As thinking skills mature and your baby begins to understand more complex concepts, try games that encourage natural curiosity, and busy activity toys with lots of features to explore.
He can respond to one or two simple instructions
She may anticipate the "surprise" phrase in favorite children's songs
With you holding his hands, he may walk
She mimics more, copying others' actions
He likes to play peek-a-boo—and peek around corners, too
She can anticipate and remember simple sequences, such as expecting food when you open the pantry
He begins to show preferences for the different sounds he hears in language
Encourage baby to pull up and stand by pointing out features near the top: “I wonder what will happen if we push this button up here?”
Clear a path on all sides of the toy so your baby can pull up and cruise all around it. Babies who are learning to stand and balance appreciate sturdy support.
Reinforce language concepts by using descriptive words as you and your child play with the toy: “Look! His nose lights up!”
Basic learning. Educational toys like these expose your child to basic building blocks of early learning … simple concepts like letters, numbers, shapes and colors. Talk about these when you play with your child, extending them to other parts of baby's world to help them make more sense. "That's the number five. Here are five crackers."
Now for a game. Add interest by playing letter or number games. Pick a letter and find something in the room that begins with that letter. Say the name of the letter and the name of the item out loud for baby: "That's a D. D is for Daddy." You're extending his learning, but don’t worry about teaching actual letters or numbers at this age.
Surprise! Sit with your child on the floor and point out different surprises, colors and shapes on the toy.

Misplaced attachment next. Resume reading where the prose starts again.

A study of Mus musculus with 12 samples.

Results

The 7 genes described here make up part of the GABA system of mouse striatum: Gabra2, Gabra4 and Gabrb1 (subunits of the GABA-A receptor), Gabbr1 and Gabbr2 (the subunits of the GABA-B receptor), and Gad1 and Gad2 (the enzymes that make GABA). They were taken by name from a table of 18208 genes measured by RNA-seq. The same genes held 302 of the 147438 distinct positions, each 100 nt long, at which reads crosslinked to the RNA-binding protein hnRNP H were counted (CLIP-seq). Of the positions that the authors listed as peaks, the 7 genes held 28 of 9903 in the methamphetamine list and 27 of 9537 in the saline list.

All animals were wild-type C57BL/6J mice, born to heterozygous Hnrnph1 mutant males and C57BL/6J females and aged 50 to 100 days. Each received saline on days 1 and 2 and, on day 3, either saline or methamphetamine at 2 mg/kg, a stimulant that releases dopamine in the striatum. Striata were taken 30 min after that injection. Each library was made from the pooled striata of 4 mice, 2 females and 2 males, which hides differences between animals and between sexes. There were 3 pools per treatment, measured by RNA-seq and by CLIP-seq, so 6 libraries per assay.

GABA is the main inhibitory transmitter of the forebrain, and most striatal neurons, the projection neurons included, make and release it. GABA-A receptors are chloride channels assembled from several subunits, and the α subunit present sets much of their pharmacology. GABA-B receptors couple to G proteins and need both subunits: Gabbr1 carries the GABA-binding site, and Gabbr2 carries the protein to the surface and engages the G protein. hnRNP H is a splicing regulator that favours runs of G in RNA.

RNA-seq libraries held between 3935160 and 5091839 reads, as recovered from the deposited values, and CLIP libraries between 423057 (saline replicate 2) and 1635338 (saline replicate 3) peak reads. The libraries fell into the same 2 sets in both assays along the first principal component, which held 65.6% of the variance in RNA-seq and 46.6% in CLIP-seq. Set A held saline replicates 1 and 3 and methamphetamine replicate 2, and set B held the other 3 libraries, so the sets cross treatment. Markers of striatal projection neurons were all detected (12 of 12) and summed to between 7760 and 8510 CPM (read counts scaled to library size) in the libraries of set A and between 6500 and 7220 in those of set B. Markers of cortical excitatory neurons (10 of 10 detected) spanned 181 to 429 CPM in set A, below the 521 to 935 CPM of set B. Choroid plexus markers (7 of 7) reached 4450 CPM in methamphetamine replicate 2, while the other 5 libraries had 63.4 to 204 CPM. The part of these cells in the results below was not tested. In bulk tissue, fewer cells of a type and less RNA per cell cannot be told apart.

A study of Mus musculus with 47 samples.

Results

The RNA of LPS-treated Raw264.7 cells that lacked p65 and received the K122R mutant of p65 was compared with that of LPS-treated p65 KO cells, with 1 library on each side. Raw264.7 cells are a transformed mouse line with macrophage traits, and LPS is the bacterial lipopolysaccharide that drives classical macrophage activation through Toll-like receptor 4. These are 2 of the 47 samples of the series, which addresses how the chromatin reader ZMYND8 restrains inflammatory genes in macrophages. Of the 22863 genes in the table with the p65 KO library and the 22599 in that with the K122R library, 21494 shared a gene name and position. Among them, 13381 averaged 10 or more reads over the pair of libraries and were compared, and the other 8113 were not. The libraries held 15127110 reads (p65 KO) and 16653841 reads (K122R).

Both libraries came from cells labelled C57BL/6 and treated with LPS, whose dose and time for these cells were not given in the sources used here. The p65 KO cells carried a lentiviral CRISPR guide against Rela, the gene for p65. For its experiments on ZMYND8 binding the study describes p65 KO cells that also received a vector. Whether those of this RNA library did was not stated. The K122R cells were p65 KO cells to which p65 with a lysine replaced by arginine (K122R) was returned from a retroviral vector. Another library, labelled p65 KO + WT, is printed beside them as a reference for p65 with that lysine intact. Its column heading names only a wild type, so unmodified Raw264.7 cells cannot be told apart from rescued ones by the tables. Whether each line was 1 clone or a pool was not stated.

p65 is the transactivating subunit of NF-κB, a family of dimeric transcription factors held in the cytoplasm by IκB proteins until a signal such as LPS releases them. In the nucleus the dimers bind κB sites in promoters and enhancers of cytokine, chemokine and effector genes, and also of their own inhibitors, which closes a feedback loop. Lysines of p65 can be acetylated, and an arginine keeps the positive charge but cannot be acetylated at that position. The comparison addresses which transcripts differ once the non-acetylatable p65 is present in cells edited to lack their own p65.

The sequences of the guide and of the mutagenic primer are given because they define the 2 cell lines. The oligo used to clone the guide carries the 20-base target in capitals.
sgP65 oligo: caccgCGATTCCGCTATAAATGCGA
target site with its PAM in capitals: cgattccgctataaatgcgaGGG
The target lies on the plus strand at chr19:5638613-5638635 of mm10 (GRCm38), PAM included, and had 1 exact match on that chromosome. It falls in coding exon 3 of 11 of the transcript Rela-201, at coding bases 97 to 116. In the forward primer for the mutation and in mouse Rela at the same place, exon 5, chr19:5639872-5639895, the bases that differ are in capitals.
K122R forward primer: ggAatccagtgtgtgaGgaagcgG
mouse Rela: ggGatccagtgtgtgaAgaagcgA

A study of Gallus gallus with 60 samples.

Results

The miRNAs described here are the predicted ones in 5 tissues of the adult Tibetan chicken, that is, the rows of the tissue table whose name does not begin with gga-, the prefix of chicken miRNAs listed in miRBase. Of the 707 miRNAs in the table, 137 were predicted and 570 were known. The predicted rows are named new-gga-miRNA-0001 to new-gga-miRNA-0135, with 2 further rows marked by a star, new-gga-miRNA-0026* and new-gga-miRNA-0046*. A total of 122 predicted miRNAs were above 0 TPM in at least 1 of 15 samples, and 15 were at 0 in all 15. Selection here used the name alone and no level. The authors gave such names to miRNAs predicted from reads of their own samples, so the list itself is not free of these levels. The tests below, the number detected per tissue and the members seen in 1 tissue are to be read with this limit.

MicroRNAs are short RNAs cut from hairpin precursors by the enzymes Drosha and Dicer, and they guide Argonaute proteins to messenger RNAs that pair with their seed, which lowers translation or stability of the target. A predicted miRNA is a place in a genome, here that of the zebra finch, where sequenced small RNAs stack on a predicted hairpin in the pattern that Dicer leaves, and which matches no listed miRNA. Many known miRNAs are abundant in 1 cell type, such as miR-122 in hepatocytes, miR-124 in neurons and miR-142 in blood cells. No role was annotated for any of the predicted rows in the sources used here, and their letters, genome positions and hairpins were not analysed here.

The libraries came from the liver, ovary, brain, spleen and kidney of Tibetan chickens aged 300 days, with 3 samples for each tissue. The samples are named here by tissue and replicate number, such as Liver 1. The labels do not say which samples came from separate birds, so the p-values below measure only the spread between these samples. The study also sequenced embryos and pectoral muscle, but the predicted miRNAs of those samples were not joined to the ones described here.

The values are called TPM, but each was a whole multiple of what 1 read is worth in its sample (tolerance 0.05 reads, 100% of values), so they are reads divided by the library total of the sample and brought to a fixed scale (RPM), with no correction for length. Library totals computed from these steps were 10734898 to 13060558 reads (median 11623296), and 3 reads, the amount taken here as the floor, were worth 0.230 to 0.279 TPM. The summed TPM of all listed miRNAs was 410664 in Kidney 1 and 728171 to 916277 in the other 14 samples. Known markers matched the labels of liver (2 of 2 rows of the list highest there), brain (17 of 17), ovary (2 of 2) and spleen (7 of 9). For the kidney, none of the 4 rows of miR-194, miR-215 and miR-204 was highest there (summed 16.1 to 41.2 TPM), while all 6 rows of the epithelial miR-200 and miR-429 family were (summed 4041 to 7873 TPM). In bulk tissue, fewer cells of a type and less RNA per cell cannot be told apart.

Build baby's excitement and anticipation by calling attention to what might happen: "I wonder where the ball is?" That gets baby to think, even at this young age, about estimation.
Use words and descriptive terms as much as possible in "conversations" with your baby; children of this age enjoy listening and vocalizing.
Measuring up. When baby plays with his toy, let him see you using its “real-world” counterpart. Measure something with a ruler and watch your child make the connection between his toy and your tool.
Sing along with baby's musical toys. Once she hears you, she'll want to join in!
Shaping the day. As you go about your day, reinforce baby's understanding of shapes. “Look at your plate—it's a circle, too!”
Give baby a “taste” of real kitchen equipment. Set out plastic cups and bowls and let him stack and sort to his heart's delight. Add a spoon into the mix and he’ll make music for you, too!
1) Always pay close attention to the age recommendations on toys and choose one according to a child’s age, interest and skill level.
Parents often feel they must occupy baby's every waking moment or boredom will set in. Not so. Not only is learning how to play alone an important skill to grasp, but baby will be more cheerful overall if you don't play together 100 percent of the time.
Parents can foster problem-solving skills by creating a stimulating environment. Offer your baby an interesting toy; with a little encouragement, baby will become absorbed in the intricacies of a shape sorter or nesting cups.